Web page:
Congressional Democrats renewed their push this week to get financial regulators to issue a rule requiring all publicly traded companies to disclose their political spending.
Reps. Patrick Murphy (D-Fla.) and Michael Capuano (D-Mass.) led a coalition of 58 lawmakers in writing a letter to Securities and Exchange Commission (SEC) Chairwoman Mary Jo White calling again for a formal rule.
“As you know, the 2010 Supreme Court decision in Citizens United v. FEC, opened the floodgates on unlimited and unchecked corporate spending on political communication and campaign advertisements,” the lawmakers’ letter said. “This paradigm poses a fundamental threat to our democracy, which is hobbled by unaccountable corporate special interests drowning out the voices of everyday citizens.”
Senate Democrats on the Banking Committee also sent a letter to the SEC this week in support of a disclosure rule.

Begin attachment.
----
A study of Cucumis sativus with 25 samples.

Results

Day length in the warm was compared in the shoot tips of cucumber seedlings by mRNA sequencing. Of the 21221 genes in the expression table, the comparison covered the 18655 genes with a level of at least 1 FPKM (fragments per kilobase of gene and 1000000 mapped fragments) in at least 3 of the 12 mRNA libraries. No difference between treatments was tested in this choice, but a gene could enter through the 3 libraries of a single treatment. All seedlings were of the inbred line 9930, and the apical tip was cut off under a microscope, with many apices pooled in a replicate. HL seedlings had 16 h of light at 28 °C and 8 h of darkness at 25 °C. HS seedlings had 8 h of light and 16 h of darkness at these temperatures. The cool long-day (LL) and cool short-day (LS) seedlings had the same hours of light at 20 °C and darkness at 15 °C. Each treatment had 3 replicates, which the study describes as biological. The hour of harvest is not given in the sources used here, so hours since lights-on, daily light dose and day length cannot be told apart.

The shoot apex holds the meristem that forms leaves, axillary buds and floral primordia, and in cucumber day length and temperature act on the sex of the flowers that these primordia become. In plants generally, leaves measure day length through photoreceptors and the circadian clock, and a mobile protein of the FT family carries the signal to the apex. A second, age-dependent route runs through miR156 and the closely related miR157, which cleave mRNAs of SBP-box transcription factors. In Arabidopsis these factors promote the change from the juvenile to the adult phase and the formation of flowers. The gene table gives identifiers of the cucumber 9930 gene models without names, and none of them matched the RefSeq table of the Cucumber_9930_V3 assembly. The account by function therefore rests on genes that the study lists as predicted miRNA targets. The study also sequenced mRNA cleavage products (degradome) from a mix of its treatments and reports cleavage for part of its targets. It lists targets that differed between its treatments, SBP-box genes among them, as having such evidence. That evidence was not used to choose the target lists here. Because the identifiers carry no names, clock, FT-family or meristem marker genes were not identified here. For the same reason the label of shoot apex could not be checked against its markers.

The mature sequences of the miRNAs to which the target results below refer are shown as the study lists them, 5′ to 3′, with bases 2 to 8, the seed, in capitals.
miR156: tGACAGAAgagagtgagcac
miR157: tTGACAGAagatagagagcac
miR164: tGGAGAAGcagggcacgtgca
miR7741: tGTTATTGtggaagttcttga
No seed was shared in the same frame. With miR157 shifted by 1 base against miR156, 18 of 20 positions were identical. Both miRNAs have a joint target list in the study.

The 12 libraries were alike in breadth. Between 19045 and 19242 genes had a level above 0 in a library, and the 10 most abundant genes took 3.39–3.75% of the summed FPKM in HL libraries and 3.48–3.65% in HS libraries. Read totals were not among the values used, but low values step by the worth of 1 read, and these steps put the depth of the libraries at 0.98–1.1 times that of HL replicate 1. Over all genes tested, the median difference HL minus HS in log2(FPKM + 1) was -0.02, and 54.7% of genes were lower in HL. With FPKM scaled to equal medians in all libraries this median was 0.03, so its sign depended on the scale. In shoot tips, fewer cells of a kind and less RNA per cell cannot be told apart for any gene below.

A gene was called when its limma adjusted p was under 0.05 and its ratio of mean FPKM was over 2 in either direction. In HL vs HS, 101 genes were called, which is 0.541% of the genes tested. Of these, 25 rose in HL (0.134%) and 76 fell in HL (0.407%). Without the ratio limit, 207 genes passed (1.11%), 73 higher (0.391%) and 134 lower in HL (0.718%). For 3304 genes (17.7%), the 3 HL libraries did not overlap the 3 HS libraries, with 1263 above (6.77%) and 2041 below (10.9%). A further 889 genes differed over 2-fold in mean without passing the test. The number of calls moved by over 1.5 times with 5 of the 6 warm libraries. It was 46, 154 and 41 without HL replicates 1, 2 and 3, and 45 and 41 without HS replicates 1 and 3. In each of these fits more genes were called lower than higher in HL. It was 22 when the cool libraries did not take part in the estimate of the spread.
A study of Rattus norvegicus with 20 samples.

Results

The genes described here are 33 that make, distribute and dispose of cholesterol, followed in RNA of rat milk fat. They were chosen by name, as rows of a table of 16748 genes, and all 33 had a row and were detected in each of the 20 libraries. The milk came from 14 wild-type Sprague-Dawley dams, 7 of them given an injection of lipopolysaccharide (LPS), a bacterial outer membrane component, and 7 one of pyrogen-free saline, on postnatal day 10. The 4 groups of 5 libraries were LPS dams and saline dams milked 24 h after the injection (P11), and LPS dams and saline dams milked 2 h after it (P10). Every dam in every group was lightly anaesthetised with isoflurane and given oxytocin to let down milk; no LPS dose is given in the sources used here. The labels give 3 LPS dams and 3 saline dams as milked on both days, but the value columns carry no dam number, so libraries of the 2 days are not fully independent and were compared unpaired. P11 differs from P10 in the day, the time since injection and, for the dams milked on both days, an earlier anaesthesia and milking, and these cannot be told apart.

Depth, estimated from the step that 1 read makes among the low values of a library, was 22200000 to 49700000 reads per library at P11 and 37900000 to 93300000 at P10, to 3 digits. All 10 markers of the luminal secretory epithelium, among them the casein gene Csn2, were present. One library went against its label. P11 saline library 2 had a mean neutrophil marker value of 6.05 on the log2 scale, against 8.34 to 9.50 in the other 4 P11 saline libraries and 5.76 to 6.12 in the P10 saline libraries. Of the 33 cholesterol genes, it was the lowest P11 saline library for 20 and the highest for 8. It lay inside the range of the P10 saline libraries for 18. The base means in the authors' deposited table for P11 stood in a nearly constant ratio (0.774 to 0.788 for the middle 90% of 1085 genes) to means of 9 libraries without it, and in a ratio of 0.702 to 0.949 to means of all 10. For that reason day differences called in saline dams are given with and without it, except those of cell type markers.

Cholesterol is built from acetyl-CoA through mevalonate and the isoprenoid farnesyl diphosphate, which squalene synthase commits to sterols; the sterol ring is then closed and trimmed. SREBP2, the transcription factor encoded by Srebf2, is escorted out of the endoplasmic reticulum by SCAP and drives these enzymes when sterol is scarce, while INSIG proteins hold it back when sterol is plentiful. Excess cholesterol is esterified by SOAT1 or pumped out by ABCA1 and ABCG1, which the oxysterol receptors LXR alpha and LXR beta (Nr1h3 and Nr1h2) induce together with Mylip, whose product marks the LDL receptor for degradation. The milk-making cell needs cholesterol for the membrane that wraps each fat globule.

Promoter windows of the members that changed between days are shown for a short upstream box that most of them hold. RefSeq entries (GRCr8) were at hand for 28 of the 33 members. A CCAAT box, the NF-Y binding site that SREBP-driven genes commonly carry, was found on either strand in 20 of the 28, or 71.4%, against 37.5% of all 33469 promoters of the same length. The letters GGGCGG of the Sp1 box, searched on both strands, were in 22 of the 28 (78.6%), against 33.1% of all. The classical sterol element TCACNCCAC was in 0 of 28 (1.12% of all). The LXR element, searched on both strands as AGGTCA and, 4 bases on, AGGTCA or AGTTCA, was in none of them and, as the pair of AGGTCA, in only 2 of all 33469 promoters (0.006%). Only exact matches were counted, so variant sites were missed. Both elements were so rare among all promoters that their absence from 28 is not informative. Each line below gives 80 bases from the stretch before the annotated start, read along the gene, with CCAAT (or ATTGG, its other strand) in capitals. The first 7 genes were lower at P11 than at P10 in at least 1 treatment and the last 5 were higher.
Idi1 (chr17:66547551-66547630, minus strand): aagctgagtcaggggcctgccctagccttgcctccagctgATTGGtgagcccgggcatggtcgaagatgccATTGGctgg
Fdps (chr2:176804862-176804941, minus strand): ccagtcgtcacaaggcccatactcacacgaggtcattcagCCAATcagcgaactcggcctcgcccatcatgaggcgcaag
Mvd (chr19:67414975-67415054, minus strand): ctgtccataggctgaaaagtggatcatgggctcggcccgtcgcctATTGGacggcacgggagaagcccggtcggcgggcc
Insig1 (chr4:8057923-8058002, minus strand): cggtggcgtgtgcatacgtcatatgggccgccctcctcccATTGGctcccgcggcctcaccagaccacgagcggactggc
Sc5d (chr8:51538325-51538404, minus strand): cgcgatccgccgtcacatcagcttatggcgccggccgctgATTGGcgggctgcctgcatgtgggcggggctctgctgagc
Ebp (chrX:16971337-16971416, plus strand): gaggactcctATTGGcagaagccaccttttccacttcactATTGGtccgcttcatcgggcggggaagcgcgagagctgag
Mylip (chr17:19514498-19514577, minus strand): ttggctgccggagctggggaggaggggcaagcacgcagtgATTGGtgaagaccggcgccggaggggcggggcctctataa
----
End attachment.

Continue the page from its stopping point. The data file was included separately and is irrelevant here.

Public Citizen’s Congress Watch division, an advocate for the rule, said the SEC has received more than 1.2 million public comments in favor of political spending disclosures. Advocates include leading academics in the field of securities law, investment managers and advisers, 70 major endowed foundations, Vanguard founder Jack Bogle, and a number of state treasurers.
“In the pursuit of good corporate governance and a new commissioner who puts Main Street first, we heartily agree with the case made by the banking committee senators,” Lisa Gilbert, the group’s director said in a news release. “Support for a rule requiring disclosure of corporate political spending should serve as a metric for a qualified nominee, and the outcry for this rule by investors must no longer be ignored."